The early alpha builds of Google Chrome for Mac and Linux are available, though they’re lacking important features such as support for plugins and options. Google’s advice to the faint of heart is not to download them.
While you may not have to contend with sharks online, there are some really gnarly issues to watch out for. The missing plugin architecture means no third-party features like Flash.
That means these browsers are still incapable of playing online video or even navigating Web sites designed using Flash. This also means no embedded videos in other formats such as Windows Media, Real or Quicktime.
In addition to missing plugins, the options control panel is still under construction. You can’t change your privacy settings, default search engine or even print quite yet.
Mac users will also find that there’s no password manager, forcing them to actually remember their passwords. Both versions also still have some stability issues.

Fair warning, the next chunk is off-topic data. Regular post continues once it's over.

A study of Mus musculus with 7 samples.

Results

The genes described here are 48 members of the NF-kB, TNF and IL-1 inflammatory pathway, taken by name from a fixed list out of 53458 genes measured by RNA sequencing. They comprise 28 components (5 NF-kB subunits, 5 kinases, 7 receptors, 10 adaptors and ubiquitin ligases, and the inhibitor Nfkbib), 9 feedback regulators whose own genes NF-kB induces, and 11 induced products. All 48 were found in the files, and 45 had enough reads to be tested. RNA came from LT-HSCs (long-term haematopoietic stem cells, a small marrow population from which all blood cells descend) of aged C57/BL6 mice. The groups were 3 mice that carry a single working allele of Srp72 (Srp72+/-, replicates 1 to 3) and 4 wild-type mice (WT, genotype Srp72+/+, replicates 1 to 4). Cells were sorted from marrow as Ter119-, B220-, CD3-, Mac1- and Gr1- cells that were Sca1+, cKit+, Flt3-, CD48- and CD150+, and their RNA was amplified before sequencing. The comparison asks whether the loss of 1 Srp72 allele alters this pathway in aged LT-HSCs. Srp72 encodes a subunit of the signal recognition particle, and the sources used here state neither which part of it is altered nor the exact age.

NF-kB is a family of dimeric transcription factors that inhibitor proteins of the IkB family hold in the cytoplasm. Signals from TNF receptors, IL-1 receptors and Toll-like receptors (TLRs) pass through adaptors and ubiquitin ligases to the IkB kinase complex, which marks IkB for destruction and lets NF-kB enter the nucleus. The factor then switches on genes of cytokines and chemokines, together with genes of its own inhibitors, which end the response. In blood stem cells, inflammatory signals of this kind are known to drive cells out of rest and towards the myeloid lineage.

Google released Chrome last September as a barebones browser project dedicated to speed and stability. Much like Safari, it’s based on the Webkit rendering engine, but has far fewer features.
The way that Google approached browser stability in Chrome was to splinter each tab to its own process. That way if one tab freezes up, the window can be closed without the entire browser crashing.
This separation of browser tabs is called sandboxing and Chrome is the only browser to use this approach. Unfortunately it takes longer to develop the underlying browser this way, but will make Chrome much more stable in the long run.
The jury is still out on whether the world needs yet another Web browser and as to whether Chrome will be able to gain a sizable share of the browser market. Just remember to keep another browser on standby as Chrome isn’t quite ready for prime time.